Chronicle critic Melanie Haupt reviewed The Brewer’s Table this week, and was mostly impressed with the food, though it seemed like she still left with a bad taste in her mouth. To her, the restaurant is emblematic of Austin’s current status with sustainable and ingredient-focused food in a beautiful setting while amidst “a complicated miasma of gentrification and history,” because the Govalle had been, until recently, a low-income area and her dinner for four cost $300.
During brunch, Haupt’s Sunday morning entrees were standouts: “tiny but satisfying” fried shrimp tacos and banana pancakes that were “a one-way ticket to nirvana.”
When returning for dinner, Haupt had to stop herself from overindulging in the breads courtesy of head baker Sandeep Gyawali ( who also runs sourdough subscription service Miche Bread). It was a good thing she saved room:
I had one of the most exquisite dinners I’ve had in recent memory. My friend and I opted for the Gulf shareable feast, which featured a generous fillet of rich, pan-seared grouper and equally generous portions of grilled shishito peppers, a turnip and greens salad, and a summer watermelon dish that somehow turned cubes of unremarkable watermelon, cantaloupe, and honeydew into juicy, candylike jewels.
Haupt called the pork ribs and rabbit carnitas “fine,” and while she enjoyed the desserts of the miniature ice cream cones and sweet corn custard, she noted the latter “could have used a bit of editing.”
Haupt’s final meal at Brewer’s took place during lunch, which was slightly disappointing. Of the pastrami board, she particularly didn’t enjoy the beet pastrami, which she compared to “salted beet leather.” She also noted that while sitting outdoors, she got a bit of “eau de sewage,” referring to However, she still found the two previous meals “memorably excellent.”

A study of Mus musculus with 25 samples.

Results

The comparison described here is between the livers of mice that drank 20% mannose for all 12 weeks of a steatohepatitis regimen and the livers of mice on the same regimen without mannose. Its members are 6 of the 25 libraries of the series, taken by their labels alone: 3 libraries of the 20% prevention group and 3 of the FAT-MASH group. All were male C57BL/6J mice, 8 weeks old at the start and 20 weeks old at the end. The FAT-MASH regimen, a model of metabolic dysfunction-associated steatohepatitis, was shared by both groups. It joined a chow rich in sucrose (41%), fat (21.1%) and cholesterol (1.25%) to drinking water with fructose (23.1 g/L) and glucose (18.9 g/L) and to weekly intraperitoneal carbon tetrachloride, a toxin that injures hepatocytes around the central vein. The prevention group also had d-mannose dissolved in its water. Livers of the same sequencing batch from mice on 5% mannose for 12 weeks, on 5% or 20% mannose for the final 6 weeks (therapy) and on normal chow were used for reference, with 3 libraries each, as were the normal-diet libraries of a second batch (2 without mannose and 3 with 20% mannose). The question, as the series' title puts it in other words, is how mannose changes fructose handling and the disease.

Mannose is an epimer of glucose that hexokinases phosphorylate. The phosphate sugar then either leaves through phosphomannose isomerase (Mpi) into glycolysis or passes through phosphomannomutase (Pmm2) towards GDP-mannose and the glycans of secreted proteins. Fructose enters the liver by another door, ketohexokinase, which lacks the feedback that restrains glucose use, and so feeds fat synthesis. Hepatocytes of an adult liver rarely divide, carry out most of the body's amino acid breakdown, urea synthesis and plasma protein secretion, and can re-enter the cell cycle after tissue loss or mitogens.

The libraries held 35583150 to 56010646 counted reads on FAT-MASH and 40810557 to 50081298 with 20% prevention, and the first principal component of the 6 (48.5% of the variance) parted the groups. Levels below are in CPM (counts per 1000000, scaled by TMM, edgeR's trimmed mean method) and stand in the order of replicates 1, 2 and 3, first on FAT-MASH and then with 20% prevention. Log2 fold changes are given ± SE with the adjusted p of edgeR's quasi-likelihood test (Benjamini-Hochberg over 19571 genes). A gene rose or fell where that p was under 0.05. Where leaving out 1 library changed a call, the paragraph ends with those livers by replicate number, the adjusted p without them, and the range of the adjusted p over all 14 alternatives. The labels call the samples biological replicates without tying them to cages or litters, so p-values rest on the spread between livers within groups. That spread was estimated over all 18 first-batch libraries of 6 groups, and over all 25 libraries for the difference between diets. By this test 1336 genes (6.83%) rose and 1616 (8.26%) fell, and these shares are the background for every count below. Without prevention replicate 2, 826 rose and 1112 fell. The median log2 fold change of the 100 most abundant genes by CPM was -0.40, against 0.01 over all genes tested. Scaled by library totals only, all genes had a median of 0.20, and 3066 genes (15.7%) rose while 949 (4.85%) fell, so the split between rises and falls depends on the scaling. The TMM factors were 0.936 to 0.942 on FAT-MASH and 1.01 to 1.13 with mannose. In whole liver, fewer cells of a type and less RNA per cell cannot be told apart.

However, Austin Monthly critic Jolène M. Bouchon said she was “sold” on the narrative and presentation of the Brewer’s Table. In addition to being “utterly charmed” by the setting, she appreciated the restaurant’s connection between food and beverage.
Bouchon referred to the menu as “gastropub in spirit — simple dishes that take an elevated approach to seasonal ingredients.” She praised the “rich and light” venison tartare, the smoked swordfish dip, crudité plate with pickled vegetables, and the rustic hearth bread.
The ice cream cone was a favorite for Bouchon:
The diminutive ice cream cone is three bites of heaven. Toasted barley ice cream drizzled with a sprightly flavored hops honey and sprinkled with hops salt sits atop a perfectly textured beer-grain waffle cone, stoppered by a glob of salty-sweet yeast caramel in the very tip. I’m a sucker for textural and flavor contrast, and this hits all the right notes.
Again, not everything hit for Bouchon. She found the blue crab parfait lost flavor from cold temperatures, and the smoked rabbit carnitas were “too salty.” However, her overall impression was “entirely favorable.”
ON THE BLOGS: So Much Life blog said Guild’s brunch offers “bang for your buck” — she particularly liked the French toast made with brûléed brioche, coffee creme, and bacon jam. Discovering Austin called Grizzelda’s a fun restaurant, and loved the fish tacos.